As financial planning services and products continue to diversify, clients from all walks of life have different needs and it is essential for professionals in the field to determine what these are when designing the most effective financial plans for clients.
Confirming this, one of the six Outstanding Financial Planner Awards finalists, Galen Chan, financial planning manager, HSBC, says experience has shown him that one size does not fit all in financial planning.
Since graduating from university Mr Chan has worked in a variety of positions. He has been a management trainee for a fashion retailer as well as his own boss, setting up a tutorial school. In 2004, he began his career in financial planning with HSBC. "I am fascinated by the dynamics of the long-term client relationships in the financial industry and the challenges involved in developing them, so I decided to devote myself to the industry," he says.
Though he had not worked in finance before, he found that his business experiences, such as communicating with people and controlling his finances, were very useful in his new career. "Good communication skills and a better understanding of people are the keys for building up effective client relationships," he explains. His experiences have also shown him that there is no single approach that works for all clients.
Mr Chan says he can categorise his current clients into two major distinct groups. One has no investment experience and is passive in looking for financial planning assistance, while the other has a basic concept of investment and takes the initiative to seek professional advice.
To provide the best possible assistance, Mr Chan employs different strategies when dealing with these groups. For the former, he finds discussing current affairs with clients can stir up their interests in investments. Doing so can also divulge useful hints about their attitude towards investing in and preferences for specific products.
For the latter group, he spends more time reviewing documents that outline their investment history — since they are typically already the bank's clients — to understand their needs.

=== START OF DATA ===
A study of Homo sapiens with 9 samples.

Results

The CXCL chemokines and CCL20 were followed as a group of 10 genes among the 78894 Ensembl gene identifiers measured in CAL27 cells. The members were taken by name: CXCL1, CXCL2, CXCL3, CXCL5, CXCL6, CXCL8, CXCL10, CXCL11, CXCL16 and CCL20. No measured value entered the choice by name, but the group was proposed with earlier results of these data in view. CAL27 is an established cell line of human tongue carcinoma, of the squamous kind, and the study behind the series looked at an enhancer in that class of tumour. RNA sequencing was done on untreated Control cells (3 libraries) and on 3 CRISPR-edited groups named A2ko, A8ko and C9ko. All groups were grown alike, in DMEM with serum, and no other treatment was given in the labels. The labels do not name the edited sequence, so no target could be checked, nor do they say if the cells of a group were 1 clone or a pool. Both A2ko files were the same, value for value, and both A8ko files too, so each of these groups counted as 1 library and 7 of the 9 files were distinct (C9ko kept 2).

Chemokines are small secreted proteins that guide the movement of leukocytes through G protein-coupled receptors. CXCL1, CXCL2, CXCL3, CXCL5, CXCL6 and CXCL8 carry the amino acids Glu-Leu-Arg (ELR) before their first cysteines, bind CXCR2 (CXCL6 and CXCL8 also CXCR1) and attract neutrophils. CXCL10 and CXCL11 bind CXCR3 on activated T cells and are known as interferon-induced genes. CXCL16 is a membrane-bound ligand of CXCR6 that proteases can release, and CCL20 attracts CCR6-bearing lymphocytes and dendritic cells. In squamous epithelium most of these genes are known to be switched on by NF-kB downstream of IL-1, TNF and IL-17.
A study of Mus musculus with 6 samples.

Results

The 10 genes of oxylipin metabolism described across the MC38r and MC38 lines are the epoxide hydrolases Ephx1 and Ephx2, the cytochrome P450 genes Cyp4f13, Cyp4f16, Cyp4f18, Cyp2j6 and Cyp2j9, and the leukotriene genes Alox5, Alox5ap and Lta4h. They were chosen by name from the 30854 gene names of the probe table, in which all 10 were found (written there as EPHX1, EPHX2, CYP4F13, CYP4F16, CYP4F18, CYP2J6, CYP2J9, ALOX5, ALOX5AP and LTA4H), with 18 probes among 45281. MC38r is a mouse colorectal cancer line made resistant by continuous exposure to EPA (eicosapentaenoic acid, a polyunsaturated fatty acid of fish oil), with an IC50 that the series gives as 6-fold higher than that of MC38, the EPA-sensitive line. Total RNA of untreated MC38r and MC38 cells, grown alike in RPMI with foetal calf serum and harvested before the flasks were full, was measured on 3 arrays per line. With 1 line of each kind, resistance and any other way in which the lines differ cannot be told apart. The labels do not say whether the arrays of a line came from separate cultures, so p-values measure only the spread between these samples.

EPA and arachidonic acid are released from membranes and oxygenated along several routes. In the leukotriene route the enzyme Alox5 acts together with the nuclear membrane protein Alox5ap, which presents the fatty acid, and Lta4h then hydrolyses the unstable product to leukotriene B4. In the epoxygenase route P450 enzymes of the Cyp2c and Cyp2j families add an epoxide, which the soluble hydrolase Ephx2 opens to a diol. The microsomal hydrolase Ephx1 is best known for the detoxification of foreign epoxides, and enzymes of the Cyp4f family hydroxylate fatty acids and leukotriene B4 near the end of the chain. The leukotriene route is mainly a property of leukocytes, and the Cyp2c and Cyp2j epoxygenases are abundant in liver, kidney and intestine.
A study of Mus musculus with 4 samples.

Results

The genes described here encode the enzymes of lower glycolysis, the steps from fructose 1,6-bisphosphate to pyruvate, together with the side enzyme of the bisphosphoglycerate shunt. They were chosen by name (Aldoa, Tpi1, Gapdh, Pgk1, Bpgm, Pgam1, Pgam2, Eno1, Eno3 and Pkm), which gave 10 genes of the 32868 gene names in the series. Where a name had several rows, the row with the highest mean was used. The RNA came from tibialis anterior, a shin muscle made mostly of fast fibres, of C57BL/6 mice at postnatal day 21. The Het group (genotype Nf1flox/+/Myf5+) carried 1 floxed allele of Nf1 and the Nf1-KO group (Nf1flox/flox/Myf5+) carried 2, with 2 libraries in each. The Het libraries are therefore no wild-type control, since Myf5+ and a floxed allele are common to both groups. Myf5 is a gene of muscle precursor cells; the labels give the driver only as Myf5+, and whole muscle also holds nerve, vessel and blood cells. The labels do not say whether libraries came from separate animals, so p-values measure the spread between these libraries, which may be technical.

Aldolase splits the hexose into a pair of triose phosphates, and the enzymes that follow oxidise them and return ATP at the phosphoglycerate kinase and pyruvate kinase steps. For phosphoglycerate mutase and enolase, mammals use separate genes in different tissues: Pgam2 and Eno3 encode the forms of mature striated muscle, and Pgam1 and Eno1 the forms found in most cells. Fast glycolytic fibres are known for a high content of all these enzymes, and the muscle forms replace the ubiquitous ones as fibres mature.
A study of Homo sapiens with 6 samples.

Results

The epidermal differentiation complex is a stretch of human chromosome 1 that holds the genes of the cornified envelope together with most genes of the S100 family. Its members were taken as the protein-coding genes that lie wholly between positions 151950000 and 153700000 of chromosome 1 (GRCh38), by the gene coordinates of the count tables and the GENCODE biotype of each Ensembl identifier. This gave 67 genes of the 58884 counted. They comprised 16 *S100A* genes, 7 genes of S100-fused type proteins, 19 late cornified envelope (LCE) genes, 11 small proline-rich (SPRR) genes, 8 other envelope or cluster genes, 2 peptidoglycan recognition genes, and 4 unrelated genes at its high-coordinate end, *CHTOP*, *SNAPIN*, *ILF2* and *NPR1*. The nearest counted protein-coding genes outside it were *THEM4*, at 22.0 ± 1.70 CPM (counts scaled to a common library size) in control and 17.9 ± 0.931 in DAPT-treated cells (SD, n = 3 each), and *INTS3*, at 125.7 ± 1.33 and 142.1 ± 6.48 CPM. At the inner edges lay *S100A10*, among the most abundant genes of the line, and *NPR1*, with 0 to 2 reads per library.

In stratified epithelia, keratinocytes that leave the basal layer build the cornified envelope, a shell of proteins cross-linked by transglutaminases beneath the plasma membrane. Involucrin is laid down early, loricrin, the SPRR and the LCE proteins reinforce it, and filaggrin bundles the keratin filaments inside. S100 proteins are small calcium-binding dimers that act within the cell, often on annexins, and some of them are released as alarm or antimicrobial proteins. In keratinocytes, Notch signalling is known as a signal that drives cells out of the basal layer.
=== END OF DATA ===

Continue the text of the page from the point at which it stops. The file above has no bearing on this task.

He adds that other factors, such as a client's appearance, occupation and age, are also useful insights for financial planners to note.
Mr Chan says a client's needs are the most indispensable part of a financial plan, even describing them as the "soul" of the plan. "Without this process of investigating and understanding their needs, the plans would be nonsense to clients," he stresses.
According to Mr Chan, people's awareness of financial planning is growing but there is still much room for improvement. "Although Hong Kong people know about financial planning, they may not have a thorough understanding of formulating a 'healthy' plan," he says.
Therefore, Mr Chan always makes every effort to educate his clients by explaining the role of financial planning and that although the impact of a financial plan is not immediate it can nevertheless have a profound influence in their later life. It is his firm belief that a good financial planner should always work in the clients' interest and consider risk management when structuring their financial plans.
Mr Chan's experience at HSBC has helped him build a solid foundation. He has previously taken part in an HSBC internal financial competition where he was also selected as a top-six finalist. Mr Chan says his participation in the HKIB Outstanding Financial Planner Awards has been an excellent opportunity to learn from other top players in the industry.